How 'Underground's Cato Has Transformed From An Unlikable Villain Into One Of TV's Best Characters
If you thought Season 1 was amazing, then you definitely shouldn't sleep on Underground Season 2. The stories of the remaining Macon 7, as well as their families and friends, are getting so deep. And as far as I'm concerned, Underground's Cato just may be the greatest TV character of all time. Spoiler alert: We're following a very pregnant Rosalee (Jurnee Smollet) on her journey to finding her beau Noah (Aldis Hodge), and seeing a whole new side of Ernestine (Amirah Vann) that fans didn't expect. All of the characters have so much depth, but witnessing Cato's (Alano Miller) growth has definitely taken the cake for me.
Cato has a lot going for himself in Season 2. To start, he lucked into a ton of cash — which he would tell you is rightfully his — and is the "master" of his own plantation in Ohio. Over the past five months, the former overseer has experienced what it's like to be a free man, not only in America, but abroad. And, in Episode 4, we get to know a little more about the man behind the scar. He's no longer the "Uncle Tom" that Black Twitter has pegged him to be. Cato is now a hero-in-disguise to fans, and he's being celebrated as such. But before the world professed their love for Cato, I had already been captivated by the sociopath since Season 1.
Sure, he's dangerous, moody, and bit narcissistic, but that's what has intrigued me the most. The way he's able to bury the pain of losing his wife and child to the depths of slavery is remarkable. I don't know one sane human who would be able to do such a thing — to walk around, not skipping a beat. He hides his torture well.
He's always looking out for number one and will step on anyone to get to where he needs to be — and in the case of Season 1, that's free. What he'd plan to do with freedom remained to be seen until Season 2, Episode 4, but I bet a lot of fans expected it to involve clawing his way to top of some rich town's social status. That's exactly what happened for the most part, yes. But we later learn that it's all part of his plan to overthrow the government, in the hopes of abolishing the very thing that tore his own family apart: slavery. But I'm not surprised. I knew that, of anyone, this Macon 7 O.G. would be the character to fight to the death to do so. Whether it would be to stroke his own ego and be the face of the karma coming to bite every slave-enthusiast in the butt, or to be of service to every enslaved man, woman, and child so that they could have a better life, Cato would be the one to deliver.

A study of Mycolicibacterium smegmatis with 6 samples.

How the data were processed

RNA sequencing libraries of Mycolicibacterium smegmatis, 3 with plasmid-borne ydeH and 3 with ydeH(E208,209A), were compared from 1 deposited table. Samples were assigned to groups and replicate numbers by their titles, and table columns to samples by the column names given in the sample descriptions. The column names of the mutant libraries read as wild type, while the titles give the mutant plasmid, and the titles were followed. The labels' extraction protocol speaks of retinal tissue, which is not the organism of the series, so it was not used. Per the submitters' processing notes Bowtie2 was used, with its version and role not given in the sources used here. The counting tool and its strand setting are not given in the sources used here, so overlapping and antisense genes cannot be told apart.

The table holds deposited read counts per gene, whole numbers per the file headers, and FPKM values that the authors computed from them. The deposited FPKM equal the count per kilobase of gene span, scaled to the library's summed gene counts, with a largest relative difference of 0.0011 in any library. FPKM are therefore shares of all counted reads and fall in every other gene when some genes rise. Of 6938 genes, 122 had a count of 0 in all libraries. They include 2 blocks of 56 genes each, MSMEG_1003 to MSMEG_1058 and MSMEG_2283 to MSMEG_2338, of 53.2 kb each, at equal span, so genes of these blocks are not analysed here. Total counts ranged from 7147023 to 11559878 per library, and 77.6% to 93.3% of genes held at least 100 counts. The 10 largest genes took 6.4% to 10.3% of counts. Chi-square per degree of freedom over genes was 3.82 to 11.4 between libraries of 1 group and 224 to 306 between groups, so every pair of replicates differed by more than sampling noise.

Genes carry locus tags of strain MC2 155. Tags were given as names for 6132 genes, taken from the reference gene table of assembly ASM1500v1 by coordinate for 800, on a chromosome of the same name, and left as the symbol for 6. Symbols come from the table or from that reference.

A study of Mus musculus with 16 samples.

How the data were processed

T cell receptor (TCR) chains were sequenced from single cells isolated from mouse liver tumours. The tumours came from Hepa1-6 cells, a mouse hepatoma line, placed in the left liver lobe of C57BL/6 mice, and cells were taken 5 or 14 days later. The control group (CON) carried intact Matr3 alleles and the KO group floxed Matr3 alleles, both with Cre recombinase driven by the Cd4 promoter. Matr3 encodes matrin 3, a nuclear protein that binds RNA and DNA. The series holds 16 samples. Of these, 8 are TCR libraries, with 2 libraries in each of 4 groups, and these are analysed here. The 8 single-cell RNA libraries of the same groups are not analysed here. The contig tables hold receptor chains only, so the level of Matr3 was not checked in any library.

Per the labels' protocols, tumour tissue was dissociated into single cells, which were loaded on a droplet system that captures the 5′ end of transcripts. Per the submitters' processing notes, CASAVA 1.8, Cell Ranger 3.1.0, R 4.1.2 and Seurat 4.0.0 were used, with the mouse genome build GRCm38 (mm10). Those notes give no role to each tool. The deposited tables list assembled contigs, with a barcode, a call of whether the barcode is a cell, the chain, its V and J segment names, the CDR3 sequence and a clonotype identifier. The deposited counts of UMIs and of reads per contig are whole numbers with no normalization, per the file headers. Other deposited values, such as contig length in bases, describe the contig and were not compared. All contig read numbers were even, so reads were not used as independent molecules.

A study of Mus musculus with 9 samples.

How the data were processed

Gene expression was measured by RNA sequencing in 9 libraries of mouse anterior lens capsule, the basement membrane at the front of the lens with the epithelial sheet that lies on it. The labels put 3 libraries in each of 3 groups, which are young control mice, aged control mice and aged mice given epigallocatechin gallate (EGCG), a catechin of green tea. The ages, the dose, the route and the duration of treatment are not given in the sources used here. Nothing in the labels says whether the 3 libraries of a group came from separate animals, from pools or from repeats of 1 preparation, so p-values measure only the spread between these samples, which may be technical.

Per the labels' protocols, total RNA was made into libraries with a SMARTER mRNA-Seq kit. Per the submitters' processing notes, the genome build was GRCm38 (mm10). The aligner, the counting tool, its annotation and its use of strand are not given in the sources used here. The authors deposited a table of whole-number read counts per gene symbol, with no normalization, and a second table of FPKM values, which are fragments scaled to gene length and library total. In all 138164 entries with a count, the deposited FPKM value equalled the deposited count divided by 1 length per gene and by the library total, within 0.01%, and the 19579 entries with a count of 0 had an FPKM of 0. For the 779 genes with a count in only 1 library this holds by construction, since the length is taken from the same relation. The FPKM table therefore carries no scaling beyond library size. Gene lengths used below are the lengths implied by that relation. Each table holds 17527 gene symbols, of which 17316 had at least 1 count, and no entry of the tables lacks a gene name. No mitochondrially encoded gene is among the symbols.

This character has so many layers, and I'm not too sure that we'll get to see all of them unravel fully. He opens up just enough for us to know where his source of pain lies, and then shuts off before we learn too much. And we see a perfect example in his brief romance with Devi (Rana Roy) in Episode 4. In the moments when we expect him to let his guard down, he doesn't. And when we think it's too risky for him to do so, he does anyway.
Unlike fan-favorite Noah, Cato doesn't let loyalty stand in his way of reaching the other side. But he doesn't shy away from it either. He's not some evil man hiding behind a mask. He wears his wickedness on his sleeve. Cato isn't the face of a perfect villain, but he's not the most honorable soldier either. He's just a beautiful disaster wanting to shake stuff up, and I'm here for it.
He's dynamic. He's gritty. He's somehow conniving and trustworthy at the same time. He means business. And that's why I love him so much.